Updated: July 13, 2021 05:53 AM GMT
People demonstrate, some holding Cuban and US flags, during a protest against the Cuban government at Versailles Restaurant in Miami on July 12. (Photo: AFP)
Waving Cuban and US flags, thousands of Cuban-Americans protested in Miami and Washington in support of the historic anti-government protests on the communist island, which they hope will usher in sweeping change.
"This is the moment, there isn't another, and this is a definite sign that communism is going to fall. Down with communism!" said Cuban Humberto Ponce Diaz at a demonstration in Miami's "Little Havana" neighborhood on July 12.
Miami mayor Francis Suarez joined the protest that local media said drew about 5,000 people, and even urged the United States to intervene.
"Sixty years of communism, cruelty and oppression cannot last any longer!" Suarez wrote on Twitter after denouncing Cuban police who beat and detained some demonstrators.
"We implore the United States to take action as we peacefully demonstrate on the streets of Miami," he wrote.
The new battle cry of "Homeland and Life!", which many in Miami had emblazoned on their T-shirts, was coined in opposition to the Communist Party's own slogan of "Homeland or Death!"
Normally, the only authorized rallies in Cuba are those organized by the Communist Party itself
The protests in Cuba were sparked by anger at an economic crisis that has worsened shortages of food and medicine, and forced the government to ration electricity in the sweltering summer heat.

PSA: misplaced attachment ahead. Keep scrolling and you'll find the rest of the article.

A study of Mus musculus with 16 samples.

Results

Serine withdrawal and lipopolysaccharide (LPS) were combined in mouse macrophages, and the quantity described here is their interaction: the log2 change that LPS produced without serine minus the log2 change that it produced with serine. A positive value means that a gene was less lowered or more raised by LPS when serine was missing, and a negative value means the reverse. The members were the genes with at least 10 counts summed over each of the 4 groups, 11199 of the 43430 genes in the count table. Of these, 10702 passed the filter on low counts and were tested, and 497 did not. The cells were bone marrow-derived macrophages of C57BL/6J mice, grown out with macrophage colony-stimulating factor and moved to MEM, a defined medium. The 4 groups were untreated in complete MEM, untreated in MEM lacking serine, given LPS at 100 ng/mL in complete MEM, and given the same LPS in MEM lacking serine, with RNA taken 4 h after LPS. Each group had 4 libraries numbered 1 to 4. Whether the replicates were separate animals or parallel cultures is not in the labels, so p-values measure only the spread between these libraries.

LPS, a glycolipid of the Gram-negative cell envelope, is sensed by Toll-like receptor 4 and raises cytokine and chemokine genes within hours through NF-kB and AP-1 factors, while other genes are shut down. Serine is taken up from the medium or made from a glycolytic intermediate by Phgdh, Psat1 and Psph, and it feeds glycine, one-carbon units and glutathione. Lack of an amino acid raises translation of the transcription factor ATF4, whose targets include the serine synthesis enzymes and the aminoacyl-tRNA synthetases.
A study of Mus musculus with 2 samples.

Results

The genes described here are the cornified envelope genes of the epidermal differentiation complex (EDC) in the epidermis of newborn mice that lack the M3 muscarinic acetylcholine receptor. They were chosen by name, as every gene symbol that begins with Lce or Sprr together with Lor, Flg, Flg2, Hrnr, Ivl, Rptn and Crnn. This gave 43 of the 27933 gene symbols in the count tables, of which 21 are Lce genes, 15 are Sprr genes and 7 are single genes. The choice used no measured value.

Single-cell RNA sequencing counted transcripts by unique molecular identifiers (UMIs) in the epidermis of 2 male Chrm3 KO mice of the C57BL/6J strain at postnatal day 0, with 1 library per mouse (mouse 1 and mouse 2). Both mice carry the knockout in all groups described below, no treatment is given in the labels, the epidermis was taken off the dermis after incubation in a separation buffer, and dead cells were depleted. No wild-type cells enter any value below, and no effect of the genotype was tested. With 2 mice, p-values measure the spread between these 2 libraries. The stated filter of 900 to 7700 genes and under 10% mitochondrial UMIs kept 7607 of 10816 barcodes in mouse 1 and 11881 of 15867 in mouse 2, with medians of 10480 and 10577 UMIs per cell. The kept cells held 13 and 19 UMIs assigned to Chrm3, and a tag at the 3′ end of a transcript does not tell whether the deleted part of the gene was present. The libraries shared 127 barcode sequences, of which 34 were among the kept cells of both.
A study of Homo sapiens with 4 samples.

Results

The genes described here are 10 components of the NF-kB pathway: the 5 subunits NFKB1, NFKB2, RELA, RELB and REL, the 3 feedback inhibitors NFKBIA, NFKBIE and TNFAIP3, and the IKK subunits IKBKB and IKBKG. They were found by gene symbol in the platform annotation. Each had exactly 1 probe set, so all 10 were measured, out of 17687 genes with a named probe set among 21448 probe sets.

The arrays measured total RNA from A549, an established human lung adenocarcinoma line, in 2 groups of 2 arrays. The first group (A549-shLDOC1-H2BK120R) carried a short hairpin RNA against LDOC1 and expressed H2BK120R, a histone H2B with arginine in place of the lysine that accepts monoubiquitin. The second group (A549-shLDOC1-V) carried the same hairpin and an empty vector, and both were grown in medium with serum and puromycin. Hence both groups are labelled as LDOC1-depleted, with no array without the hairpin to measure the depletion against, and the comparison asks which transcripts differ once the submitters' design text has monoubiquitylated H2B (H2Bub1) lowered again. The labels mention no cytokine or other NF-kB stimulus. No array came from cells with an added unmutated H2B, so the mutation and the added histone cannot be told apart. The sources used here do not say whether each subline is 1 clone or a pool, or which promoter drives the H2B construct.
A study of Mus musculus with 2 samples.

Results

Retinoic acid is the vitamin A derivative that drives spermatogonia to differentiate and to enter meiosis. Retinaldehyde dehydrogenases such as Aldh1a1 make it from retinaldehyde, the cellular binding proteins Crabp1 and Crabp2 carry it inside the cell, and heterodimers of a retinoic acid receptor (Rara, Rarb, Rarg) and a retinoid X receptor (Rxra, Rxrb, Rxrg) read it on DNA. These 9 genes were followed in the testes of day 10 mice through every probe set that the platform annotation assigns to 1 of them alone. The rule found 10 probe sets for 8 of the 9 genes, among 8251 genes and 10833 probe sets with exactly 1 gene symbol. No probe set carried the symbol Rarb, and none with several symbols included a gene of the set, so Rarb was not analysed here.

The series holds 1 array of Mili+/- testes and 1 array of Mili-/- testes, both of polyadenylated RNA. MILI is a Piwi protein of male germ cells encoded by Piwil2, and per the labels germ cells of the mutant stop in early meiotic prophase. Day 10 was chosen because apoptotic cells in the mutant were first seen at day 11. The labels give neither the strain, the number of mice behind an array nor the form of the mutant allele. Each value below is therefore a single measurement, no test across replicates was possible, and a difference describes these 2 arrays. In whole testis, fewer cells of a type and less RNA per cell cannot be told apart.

Demonstrators in dozens of Cuban towns and cities also called for more Covid-19 vaccinations as the number of cases exploded across the island.
They shouted "We are hungry", "Freedom" and "Down with the dictatorship."
It was the first nationwide popular mobilization against the government since the 1959 revolution that brought the late Fidel Castro to power.
Normally, the only authorized rallies in Cuba are those organized by the Communist Party itself.
Although President Miguel Diaz-Canel acknowledged the "dissatisfaction" of some Cubans, he also accused Washington of wanting to provoke "social outbreaks," and gave Communist Party loyalists a "combat order" to confront the protesters.
In Florida, state governor Ron DeSantis said on Twitter that "Florida supports the people of Cuba who take to the streets against the tyrannical regime in Havana."
Many Cubans living in the United States hope that the protests could point to the end of the communist government on the island.
On July 12, some 25 Cubans protested in front of the White House in the US capital demanding that President Joe Biden take action.
"I hope that this president and Congress will help my people," protester Sergio Alvarez, a 32-year-old Cuban, told AFP.
"We need help. It's very sad," said the electrician, who said his father died in Cuba earlier this year due to a lack of medicine.
I hope that the Cuban people stay out there in the streets. I hope they fight. They fight for their freedom
Elaine Miranda, a 26-year-old university student, said that Biden "needs to denounce about what's going on in Cuba, because all the presidents support the Cuban people."
Biden urged the Cuban government not to resort to violence and expressed US support for the protesters.
The president, who took office in January, has not yet reversed sanctions imposed on Cuba by his predecessor Donald Trump and had largely avoided the issue until now.
"I hope that the Cuban people stay out there in the streets. I hope they fight. They fight for their freedom," said Cuban-America former Marine Gianni Leyva, 35.
"And I hope the American government will allow the Cubans here to go help. We want to help — me as a veteran — and there are many veterans out there that have served in the American military, are ready to go fight for the freedoms if we are allowed."